Spring is easily the dreariest of the four seasons in coastal Maine — raw, cold, wet, overcast. It snowed yesterday, which at least gave the plow banks a fresher appearance.
Spring is also the season to plan for the summer tourists, who arrive in droves from July 4 to Labor Day. I decided to make a batch of notecards to sell to our visitors. Deer Isle in four seasons seemed a good idea, especially since I had paintings of each season.
Unfortunately, I’d sold two of the paintings and one was too big for notecard size. So over the past two days I repainted the big one and the two I sold (I figured I’m allowed to do that), all in notecard size.
The painting above shows a gardener (real) and a cat (fictional) on the Oceanville peninsula on Deer Isle. When spring finally does come to Maine, the wildflowers, especially the lupines, are so abundant they almost make up for April.
For summer I chose the Deer Isle Bridge from Caterpillar Hill in Sedgwick, Maine. A fellow artist once said to me, “You can sell those bridge paintings all day long.” (Meow. It was just after I’d sold one.) The bridge itself is quite steep so the sailboats on Eggemoggin Reach can sail under it. More than a few drivers are terrified to drive over the bridge, and it isn’t unusual to see a car stopped on the mainland side of it as the driver realizes he or she has to go over that thing. The driver will then proceed very, very slowly, hugging the center line.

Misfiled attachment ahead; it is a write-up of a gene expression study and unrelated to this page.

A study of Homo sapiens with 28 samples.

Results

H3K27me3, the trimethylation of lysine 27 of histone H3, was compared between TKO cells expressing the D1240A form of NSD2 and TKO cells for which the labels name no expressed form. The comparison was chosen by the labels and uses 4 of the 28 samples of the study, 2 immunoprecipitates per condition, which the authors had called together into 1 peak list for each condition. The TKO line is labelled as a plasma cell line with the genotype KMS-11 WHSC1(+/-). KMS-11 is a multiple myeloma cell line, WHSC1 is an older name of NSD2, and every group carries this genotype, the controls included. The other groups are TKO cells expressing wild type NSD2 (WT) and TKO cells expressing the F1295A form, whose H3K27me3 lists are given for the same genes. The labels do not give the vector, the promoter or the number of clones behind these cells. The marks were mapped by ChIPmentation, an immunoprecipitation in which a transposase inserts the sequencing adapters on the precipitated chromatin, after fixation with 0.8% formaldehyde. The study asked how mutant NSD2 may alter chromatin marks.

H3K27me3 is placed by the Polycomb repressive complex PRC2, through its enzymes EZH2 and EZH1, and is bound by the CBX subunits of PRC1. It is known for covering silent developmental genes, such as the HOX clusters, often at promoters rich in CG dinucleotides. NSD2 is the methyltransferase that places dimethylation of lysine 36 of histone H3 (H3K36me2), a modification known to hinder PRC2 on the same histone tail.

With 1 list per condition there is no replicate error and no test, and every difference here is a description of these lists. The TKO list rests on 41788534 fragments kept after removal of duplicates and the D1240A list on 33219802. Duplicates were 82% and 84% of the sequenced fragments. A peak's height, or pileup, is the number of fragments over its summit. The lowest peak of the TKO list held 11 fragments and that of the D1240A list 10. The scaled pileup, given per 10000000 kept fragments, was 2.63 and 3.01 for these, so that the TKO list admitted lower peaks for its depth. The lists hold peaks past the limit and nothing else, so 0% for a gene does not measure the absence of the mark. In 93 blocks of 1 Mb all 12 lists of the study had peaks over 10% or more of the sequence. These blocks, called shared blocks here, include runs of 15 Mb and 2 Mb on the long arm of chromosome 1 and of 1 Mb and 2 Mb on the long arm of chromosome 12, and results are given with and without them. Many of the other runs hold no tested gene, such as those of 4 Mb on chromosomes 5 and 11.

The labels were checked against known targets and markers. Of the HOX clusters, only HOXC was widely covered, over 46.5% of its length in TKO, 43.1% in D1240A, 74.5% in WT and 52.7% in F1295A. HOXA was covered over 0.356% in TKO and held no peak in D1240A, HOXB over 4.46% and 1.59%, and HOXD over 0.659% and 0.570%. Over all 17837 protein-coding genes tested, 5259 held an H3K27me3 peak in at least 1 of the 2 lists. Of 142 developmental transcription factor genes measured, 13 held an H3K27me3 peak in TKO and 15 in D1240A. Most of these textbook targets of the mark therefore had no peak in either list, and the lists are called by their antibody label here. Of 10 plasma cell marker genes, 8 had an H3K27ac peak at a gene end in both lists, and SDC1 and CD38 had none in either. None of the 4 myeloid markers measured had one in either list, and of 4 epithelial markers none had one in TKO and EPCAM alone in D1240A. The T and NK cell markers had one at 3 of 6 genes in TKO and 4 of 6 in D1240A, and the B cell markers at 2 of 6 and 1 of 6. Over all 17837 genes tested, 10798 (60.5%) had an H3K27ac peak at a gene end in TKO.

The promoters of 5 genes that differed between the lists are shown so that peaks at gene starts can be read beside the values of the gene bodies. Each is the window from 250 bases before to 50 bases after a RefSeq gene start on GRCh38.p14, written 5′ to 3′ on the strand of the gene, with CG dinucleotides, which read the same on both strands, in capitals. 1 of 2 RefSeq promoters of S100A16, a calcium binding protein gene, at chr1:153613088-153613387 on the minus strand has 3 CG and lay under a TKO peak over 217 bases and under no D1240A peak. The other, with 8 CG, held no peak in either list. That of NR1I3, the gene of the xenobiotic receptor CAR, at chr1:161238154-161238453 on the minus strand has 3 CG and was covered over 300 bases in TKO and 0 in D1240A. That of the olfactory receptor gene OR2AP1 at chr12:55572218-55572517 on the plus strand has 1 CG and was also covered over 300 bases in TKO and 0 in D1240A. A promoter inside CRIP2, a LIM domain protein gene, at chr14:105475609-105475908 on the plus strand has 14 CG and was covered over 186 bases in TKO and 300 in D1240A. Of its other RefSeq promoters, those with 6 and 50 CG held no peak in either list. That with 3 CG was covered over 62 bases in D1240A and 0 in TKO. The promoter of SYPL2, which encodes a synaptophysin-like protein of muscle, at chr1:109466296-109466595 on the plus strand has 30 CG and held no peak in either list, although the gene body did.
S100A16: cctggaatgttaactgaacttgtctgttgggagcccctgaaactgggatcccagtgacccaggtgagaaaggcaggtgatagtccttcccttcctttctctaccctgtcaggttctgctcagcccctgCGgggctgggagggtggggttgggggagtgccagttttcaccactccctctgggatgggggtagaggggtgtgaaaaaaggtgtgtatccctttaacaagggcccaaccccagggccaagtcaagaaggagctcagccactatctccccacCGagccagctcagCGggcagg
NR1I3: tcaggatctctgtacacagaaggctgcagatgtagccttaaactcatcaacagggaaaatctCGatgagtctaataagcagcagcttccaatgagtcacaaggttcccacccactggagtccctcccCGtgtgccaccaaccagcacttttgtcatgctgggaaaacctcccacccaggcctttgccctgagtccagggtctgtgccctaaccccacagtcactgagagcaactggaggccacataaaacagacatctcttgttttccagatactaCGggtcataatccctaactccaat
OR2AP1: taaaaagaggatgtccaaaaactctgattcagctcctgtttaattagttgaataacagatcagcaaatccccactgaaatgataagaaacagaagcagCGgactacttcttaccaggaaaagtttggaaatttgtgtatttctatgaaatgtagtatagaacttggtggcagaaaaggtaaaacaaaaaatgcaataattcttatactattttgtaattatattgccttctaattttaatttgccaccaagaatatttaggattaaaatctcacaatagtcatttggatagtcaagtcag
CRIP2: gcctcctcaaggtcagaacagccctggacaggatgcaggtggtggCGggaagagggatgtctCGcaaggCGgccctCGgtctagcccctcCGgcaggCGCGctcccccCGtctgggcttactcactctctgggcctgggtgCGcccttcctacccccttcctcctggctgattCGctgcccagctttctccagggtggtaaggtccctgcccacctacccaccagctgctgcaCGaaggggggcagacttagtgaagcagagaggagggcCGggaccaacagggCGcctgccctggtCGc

The daily traffic count over the bridge is 123. So to all my Washington, D.C., friends who post pictures of their lovely spring flowers when they aren’t stuck in traffic, I say, “Take that.”
The view from Caterpillar Hill actually deserves the adjective ‘awesome.’ From it you can see the site of the worst American naval disaster until Pearl Harbor, the Penobscot Expedition. Paul Revere was court-martialed for it, but that’s another story.
For autumn I already had a little painting of Dan hiking through Scott’s Landing, which is Island Heritage Trust property. It used to be the old ferry landing. Then the bridge was built in 1939 and changed the island — not for the better, say some. Scott’s Landing is great for collecting beach glass and watching birds, usually sassy crows, hungry seagulls,sanguine ducks and the occasional cormorant. The poor cormorants are getting eaten by eagles as the fishery declines.
For winter I chose a painting of a lobster boat on the hard. Stonington, one of two towns on Deer Isle, is the top port for lobster landings in Maine. Last year fishermen hauled 17.4 million pounds of lobster from the sea. Lobster fishermen make a good living, and many of them take their boats out of the water in the winter and go to Florida.
Three paintings in two days, however small, is a lot for me. Fortunately my wonderful sister Christen Miller sent me a new paintbrush (among other things) for my birthday. It was the perfect size for what I was doing. I’ve had painting instructors who told me it doesn’t really matter what brush you use. To them I say, “Wrong!”
And to the summer tourists eager to spend money on memories of Deer Isle, I say, $20 for all four seasons.